Ministries: Catholic Organizations
The Director of Religious Education introduces two members of the Catholic Daughters; the organization offered awards to the best projects from CCD sudents.
- Catholic Daughters: Formed in 1903, the Catholic Daughters of the Americas is one of the oldest and largest organizations of Catholic women. CDA donates to charities, administers scholarship programs, and strives to help alleviate pain, poverty, sorrow, and sickness. Catholic Daughters meet for prayer and friendship while supporting the parish community, seeking to exemplify the spirituality alluded to by Pope John Paul II when speaking of the necessity of “feminine genius” in the world today. Members assist in charitable works and sponsor events for the parish, such as retreats, as well as hold a few social events for members. Court St. Francis #1206 celebrated its 80th anniversary on December 15, 2013 (see a photo gallery of this event). CDA meets September through June every third Tuesday of the month at 1 p.m.
- Knights of Columbus: The Knights of Columbus, the world’s largest Catholic fraternal service organization, is a specially chartered Connecticut corporation. Currently, there are more than 1.78 million members in the United States, Canada, Mexico, the Philippines, Puerto Rico, Cuba, the Dominican Republic, Guam, Poland, Panama, the Virgin Islands, the Bahamas, Guatemala, and Saipan. Founded in 1882, the Knights of Columbus operates through and maintains an active system of local and state councils through which extensive charitable and volunteer programs are conducted. Worldwide it provides thousands of wheelchairs and medical care to impoverished nations. Each winter members distribute thousands of free coats to poor children nationwide. During disaster the Knights distribute thousands of meals and fresh water and spearheaded a major effort to rebuild homes in Haiti after the earthquake. It is safe to say that wherever there is a need, the Knights are there.
St. Francis of Assisi Council 670, one of the oldest chartered councils in the U.S., forming shortly after the turn of the twentieth century, has been involved in a large number of charitable activities over the years as well as providing key support to the parish directly, for instance, organizing travel to participate in the annual “March for Life” rally in Washington, D.C., and providing the Lenten Friday meatless meal service. Members run several fundraisers throughout the year, the largest of which is the Knights of Virginia for Disabilities (KOVAR), which raises thousands of dollars through distributing free Tootsie Rolls outside area Walmart and Kroger stores. Funds raised are donated to charitable activities, a portion of which is reserved for an ongoing vocations fund to help financially those seeking Holy Orders.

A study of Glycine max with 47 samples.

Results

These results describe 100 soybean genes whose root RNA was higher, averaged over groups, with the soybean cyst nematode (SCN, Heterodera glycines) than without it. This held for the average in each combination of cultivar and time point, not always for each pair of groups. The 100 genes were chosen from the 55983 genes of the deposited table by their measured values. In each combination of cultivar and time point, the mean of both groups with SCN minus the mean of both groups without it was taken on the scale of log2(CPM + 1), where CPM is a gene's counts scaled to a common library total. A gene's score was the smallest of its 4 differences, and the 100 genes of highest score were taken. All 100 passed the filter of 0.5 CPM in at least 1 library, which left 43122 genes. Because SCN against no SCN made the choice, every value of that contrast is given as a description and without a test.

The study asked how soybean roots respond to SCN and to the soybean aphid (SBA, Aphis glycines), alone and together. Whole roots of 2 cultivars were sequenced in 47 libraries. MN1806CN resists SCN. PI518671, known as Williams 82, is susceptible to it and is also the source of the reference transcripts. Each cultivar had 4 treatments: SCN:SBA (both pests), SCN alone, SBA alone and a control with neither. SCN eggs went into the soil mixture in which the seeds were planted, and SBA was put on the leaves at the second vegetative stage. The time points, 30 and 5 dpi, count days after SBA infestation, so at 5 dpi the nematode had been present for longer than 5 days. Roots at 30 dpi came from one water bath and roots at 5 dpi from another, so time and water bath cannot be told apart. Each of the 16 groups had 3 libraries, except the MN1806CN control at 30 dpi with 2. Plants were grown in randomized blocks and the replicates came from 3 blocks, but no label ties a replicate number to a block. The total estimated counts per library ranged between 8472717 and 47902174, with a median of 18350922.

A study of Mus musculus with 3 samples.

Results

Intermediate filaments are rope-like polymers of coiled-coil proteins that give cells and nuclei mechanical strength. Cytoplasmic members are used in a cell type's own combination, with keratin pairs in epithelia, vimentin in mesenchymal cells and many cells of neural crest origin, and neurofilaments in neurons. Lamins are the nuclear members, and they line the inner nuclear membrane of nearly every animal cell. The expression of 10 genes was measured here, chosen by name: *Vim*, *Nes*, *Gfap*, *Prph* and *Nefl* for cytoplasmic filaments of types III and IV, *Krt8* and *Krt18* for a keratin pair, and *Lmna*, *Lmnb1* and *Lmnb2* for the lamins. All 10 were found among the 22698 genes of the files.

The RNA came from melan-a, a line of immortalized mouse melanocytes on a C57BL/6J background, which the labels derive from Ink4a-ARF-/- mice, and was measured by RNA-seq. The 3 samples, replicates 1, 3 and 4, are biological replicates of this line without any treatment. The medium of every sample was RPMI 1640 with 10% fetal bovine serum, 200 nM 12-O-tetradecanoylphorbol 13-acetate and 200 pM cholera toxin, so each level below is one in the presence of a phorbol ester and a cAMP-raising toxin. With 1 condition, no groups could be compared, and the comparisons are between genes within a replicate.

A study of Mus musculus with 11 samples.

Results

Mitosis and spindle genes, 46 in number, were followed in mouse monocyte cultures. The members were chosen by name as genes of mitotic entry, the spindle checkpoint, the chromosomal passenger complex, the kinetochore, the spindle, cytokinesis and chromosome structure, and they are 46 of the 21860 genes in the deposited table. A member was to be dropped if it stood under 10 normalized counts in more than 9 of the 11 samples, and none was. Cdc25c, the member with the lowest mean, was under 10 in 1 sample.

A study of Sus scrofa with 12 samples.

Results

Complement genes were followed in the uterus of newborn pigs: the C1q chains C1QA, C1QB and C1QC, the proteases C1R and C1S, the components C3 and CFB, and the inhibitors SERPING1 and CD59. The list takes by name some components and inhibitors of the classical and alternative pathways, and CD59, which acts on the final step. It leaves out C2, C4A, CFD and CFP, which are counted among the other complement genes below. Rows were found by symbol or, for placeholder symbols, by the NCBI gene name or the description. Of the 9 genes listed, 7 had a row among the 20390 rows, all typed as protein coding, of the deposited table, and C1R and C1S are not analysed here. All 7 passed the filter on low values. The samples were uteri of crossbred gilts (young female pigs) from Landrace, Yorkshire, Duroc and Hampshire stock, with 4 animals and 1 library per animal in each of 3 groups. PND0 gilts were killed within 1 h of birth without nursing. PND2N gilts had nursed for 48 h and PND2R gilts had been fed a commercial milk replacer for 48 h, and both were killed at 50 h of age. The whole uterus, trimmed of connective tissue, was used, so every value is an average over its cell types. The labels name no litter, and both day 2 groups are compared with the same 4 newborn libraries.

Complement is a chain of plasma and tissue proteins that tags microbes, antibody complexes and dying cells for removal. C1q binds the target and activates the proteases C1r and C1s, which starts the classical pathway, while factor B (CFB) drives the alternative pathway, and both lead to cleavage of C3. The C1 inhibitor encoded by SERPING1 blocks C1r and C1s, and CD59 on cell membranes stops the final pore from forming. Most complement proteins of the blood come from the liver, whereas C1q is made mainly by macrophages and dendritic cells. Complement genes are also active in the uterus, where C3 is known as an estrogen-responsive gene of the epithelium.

Anyone seeking membership must be a practicing Catholic man and should contact a Knight in his parish to fill out a form 100. After consultation with the parish priest and the rest of the Council, the candidate is invited to participate in three ceremonies, known as Degrees, These are performed in order to teach the proper functions and devotions of the Order to the inductee. If the new Knight desires, he is given the opportunity to rise to the highest station of service, the 4th Degree. There he participates in the public and patriotic arm of the Order. He is allowed to wear the Order’s regalia and take part in many ceremonies, which may include being part of the Color Guard, providing service to our military, and/or the administrative function of the Church.
The Knights assist the pastor in enhancing parish life and help with other charitable or community works. Socials are held throughout the year. Rosary begins at 7 p.m., with meetings at 7:30 p.m. the first and third Mondays of the month. Ministry Coordinator: Kevin Hopkins.
- Legion of Mary: The Legion of Mary is the largest world-wide apostolic organization of lay people in the Catholic Church with over three million active members and twelve million auxiliary praying members. It has been approved by the last six popes and was endorsed by the Second Vatican Council. What does the Legion of Mary do? The Legion is an organization of men, women, and children who want to do something meaningful for the Church while at the same time deepening their spiritual life and strengthening their Catholic faith. The Legionary learns to forget himself and rely completely on the Holy Spirit and Our Blessed Mother. As an extension of the heart and hands of our pastor, a methodical system is used for prayer and visitation of the homebound, nursing home residents, prisoners, and neighbors through a door-to-door program. How does it work? Active members meet weekly on Saturday mornings for prayer and discussion in a family setting. Then, working in pairs, they perform two hours of definite works of spiritual mercy. Auxiliary members attend no meetings but are required to pray daily the Rosary and the Legion prayers contained in the Tessera.
What are the fruits? Gathering with like-minded Catholics supports and encourages members in their spiritual life. Then they are sent to visit others and share these graces with each other. Often we see the fruits of people having their faith increased or restored, with a greater love and devotion to Our Lord and Savior, returning to the sacraments, having their marriages validated, having their children baptized, or being consoled in their trials. If you are longing for a closer walk in the faith, come and see. Meetings are Saturdays at 9 a.m., except First Saturday at 8 a.m. Ministry Coordinator: Helga Fallis.
In addition to their charitable works, the Knights of Columbus here act as a color guard in the Corpus Christi procession.